Links For March 15, 2015

Why I Am Not a Maker

Making is not a rebel movement, scrappy individuals going up against the system. While the shift might be from the corporate to the individual (supported, mind, by a different set of companies selling a different set of things), it mostly re-inscribes familiar values, in slightly different form: that artifacts are important, and people are not.... Describing oneself as a maker—regardless of what one actually or mostly does—is a way of accruing to oneself the gendered, capitalist benefits of being a person who makes products.

First Things First (1964)

First Things First (2000)

The dangers of digital: Brian Eno on technology and modern music

So the question that everybody’s asking is, is it getting any better as a result of all this? But it’s such a hard temptation to resist. You’re recording a song and find a note that is really quite out of tune. In the past, you’d have said, it’s a great performance, so we’ll just live with it. What you do now is retune that note. So you’re always asking yourself, have we lost something of the tension of the performance, of the feeling of humanity and vulnerability and organic truth or whatever, by making these corrections? It does make you question the role of new technology in the studio.

Yes to the Dress?

You can’t get the dress traffic from angry competition any more than you can get “Snow Fall” by pasting a bunch of stories and pictures together. You can’t buy software for it or squeeze it out of people. You have to build it over time with lots of nerds of all sort and make people not hate their lives along the way. Then you need to see which parts work, and do them over and over again. It takes years.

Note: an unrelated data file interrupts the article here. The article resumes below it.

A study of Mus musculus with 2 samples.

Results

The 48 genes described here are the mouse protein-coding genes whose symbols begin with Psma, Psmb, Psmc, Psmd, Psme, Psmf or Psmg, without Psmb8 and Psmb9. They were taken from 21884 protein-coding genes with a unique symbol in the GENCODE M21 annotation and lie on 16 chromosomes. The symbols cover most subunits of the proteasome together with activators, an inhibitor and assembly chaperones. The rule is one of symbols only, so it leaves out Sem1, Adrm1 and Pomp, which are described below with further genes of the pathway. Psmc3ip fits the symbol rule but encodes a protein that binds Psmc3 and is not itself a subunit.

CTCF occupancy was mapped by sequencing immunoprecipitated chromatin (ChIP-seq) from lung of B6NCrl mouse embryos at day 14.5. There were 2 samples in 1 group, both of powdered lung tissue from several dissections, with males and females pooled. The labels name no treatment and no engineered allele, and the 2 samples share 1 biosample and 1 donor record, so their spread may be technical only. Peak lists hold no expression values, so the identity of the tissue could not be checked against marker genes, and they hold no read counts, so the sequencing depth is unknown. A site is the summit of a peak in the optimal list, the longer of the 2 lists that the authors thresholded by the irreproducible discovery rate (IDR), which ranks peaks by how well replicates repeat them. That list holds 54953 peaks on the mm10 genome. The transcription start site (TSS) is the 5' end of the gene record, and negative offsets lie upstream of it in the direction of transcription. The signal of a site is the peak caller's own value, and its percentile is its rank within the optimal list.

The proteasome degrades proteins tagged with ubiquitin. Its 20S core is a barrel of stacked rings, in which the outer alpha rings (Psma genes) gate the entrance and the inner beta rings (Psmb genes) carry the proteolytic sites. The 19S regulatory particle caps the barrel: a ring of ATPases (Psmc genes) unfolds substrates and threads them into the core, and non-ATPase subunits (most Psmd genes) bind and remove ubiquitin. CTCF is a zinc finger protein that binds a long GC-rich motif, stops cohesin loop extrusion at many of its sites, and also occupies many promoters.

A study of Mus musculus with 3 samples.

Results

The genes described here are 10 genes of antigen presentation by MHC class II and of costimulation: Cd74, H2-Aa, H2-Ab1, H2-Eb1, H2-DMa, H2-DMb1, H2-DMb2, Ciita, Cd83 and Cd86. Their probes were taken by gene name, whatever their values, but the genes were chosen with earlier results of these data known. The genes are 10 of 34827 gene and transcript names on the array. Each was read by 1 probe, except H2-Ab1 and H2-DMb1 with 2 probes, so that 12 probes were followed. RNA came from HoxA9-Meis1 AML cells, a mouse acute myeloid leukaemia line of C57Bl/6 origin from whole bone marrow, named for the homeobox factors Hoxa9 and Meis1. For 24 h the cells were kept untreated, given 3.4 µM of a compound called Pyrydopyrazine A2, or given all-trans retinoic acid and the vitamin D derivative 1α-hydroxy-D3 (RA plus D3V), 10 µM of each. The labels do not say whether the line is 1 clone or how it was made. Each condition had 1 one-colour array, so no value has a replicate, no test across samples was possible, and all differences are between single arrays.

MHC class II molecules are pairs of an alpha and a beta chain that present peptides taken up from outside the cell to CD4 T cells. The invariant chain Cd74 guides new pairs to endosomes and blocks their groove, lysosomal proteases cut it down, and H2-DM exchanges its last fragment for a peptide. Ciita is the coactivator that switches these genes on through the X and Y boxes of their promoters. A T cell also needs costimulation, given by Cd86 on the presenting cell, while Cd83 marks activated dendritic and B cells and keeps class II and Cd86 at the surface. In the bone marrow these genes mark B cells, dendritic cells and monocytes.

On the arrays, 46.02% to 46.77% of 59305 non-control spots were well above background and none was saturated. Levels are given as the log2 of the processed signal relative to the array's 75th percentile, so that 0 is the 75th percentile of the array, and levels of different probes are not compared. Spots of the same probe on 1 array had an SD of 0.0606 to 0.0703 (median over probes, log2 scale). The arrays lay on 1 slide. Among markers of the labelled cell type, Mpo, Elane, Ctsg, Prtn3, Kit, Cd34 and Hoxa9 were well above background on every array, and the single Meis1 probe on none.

Unmapped Pleasures: from Pulsar Signal to Post-Punk Icon

The image that eventually found its way onto the Joy Division album cover was a cut and stacked version of a continuous readout, so arranged precisely to demonstrate the regularity of the signal. But soon, the Little Green Men were discounted as a possible source; the pulsar was renamed PSR B1919+21 and the stacked image found its way into the 1977 Cambridge Encyclopedia of Astronomy, where it was noticed by the band.

The Ghost in the MP3

“moDernisT” was created by salvaging the sounds and images lost to compression via the MP3 and MP4 codecs. The audio is comprised of lost mp3 compression material from the song “Tom’s Diner” famously used as one of the main controls in the listening tests to develop the MP3 encoding algorithm. Here we find the form of the song intact, but the details are just remnants of the original. The video is the MP4 ghost of a corresponding video created in collaboration with Takahiro Suzuki. Thus, both audio and video are the “ghosts” of their respective compression codecs.